Ventricular tachycardia (VT) is a type of cardiac arrhythmia caused by abnormal firing of a group of cells in one of the bottom chambers of the heart (ventricles). The cells fire at a higher rate than that of the sinus node in the top right chamber (atria), which causes the heart to beat 100 times per minute or higher.
“Idiopathic” ventricular tachycardia conveys that other than an abnormal heart rhythm (arrhythmia), the heart is functioning normally, as opposed to ventricular tachycardia associated with cardiomyopathy. Idiopathic VT is caused by an electrical short circuit in the heart.
Ventricular tachycardia associated with cardiomyopathy is caused by an electrical short circuit in one of the heart’s bottom chambers (ventricles). Symptoms can include lightheadedness, sensations that the heart is racing, chest tightness, shortness of breath and fainting. This dangerous condition can result in sudden cardiac death.
When the heart muscle weakens, scar tissue can form, creating a place for electrical short circuits to occur. The short circuits can result in a rapid heart rhythm that weakens the heart’s already compromised pumping function, causing a near-complete lack of blood flow to the body.
Immediate defibrillation (shock from a defibrillator) is commonly required to stop the abnormal rhythm. Ventricular tachycardia associated cardiomyopathy is even more serious than idiopathic ventricular tachycardia that occurs in patients with otherwise normal heart muscle function.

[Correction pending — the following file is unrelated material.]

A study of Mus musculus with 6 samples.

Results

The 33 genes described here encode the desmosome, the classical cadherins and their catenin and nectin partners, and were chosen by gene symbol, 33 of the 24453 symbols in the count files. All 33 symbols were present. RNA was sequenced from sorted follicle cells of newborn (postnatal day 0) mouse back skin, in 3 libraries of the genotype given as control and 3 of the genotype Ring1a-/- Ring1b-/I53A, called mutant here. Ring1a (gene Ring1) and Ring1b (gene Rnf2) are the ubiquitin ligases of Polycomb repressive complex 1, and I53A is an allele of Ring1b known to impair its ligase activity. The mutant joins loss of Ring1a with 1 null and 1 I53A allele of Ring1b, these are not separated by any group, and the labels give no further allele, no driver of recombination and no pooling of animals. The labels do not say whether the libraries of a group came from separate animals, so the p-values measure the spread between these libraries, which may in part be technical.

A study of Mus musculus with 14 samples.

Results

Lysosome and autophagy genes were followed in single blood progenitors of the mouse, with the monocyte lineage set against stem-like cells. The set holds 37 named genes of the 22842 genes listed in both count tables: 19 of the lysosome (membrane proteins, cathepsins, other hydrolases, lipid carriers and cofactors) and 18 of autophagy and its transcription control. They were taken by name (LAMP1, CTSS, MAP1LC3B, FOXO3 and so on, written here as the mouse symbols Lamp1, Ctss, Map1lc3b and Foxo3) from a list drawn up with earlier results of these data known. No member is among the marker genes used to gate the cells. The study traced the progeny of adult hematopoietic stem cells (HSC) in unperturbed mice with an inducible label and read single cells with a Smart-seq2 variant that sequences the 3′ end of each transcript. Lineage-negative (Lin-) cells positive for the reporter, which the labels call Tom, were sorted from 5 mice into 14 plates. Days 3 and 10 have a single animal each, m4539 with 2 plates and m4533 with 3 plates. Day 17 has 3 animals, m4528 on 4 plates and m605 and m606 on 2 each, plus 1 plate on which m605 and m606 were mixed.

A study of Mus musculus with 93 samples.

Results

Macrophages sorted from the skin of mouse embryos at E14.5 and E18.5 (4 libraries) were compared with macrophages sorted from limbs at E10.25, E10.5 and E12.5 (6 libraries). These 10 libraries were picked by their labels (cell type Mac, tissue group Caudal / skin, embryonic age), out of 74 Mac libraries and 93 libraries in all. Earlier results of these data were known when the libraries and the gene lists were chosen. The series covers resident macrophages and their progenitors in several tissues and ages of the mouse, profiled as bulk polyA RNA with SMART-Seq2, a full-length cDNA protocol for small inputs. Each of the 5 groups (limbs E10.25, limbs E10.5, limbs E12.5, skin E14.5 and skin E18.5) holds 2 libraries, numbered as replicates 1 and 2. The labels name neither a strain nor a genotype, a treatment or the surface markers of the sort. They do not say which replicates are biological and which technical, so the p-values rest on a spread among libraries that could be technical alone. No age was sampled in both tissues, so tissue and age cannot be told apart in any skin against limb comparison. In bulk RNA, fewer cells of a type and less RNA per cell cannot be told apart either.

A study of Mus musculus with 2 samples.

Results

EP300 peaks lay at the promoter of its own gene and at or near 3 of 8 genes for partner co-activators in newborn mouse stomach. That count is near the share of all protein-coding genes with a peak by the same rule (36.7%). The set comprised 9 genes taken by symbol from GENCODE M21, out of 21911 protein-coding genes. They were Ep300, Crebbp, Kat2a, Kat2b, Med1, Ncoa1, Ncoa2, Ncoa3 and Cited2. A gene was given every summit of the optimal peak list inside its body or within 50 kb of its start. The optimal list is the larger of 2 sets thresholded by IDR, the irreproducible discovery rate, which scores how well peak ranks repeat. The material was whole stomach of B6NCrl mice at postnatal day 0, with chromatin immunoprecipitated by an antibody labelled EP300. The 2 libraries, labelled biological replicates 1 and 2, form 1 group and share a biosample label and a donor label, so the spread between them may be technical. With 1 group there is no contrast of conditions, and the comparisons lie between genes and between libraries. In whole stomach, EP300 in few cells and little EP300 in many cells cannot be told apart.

Long QT syndrome (LQTS) is a genetic condition where a heart’s abnormal electrical system may short circuit spontaneously causing dangerous ventricular tachycardia.
Brugada syndrome is a related genetic condition of a heart’s abnormal electrical system. These both can result in dizziness, fainting, or death. Symptoms may also include lightheadedness, sensations that the heart is racing, chest tightness and shortness of breath.
Doctors use an electrocardiogram to detect and diagnose ventricular tachycardia. An electrocardiogram is an electrical tracing of the heart.
Because most VT episodes happen intermittently, patients may be required to wear a heart monitor (also known as mobile telemetry). The monitor records heart activity around the clock and can detect abnormal heart rhythms, which are recorded and provided to your physician for review in making a diagnosis.
An electrophysiology study (also known as EP study or EPS) is another way to diagnose VT. Doctors insert catheters in a patient’s veins in the upper leg to reach the heart and record electrical activity. They also send signals to make the heart beat at different rates, as part of the procedure. Patients commonly receive sedation and anesthesia to make them comfortable and pain-free during an electrophysiology study.
For VT associated with cardiomyopathy, the newest 3-D mapping equipment is available at Scripps for proper diagnosis and frequent care.
Patients may also be asked to provide a blood sample so genes can be screened for inherited abnormalities.
Treatment may include:
- Antiarrhythmic medications that suppress the abnormal rhythm.
Minimally invasive procedure
- Radiofrequency ablation where a catheter emitting heat energy is advanced into the heart to cauterize the abnormal electrical circuit or focus. The procedure is performed in conjunction with an electrophysiology study.
- Implantable cardioverter defibrillator (ICD) to keep the heart beating at a healthy rate. The ICD is implanted under the skin and delivers silent pacing treatment or a shock to stop abnormal heart rhythms.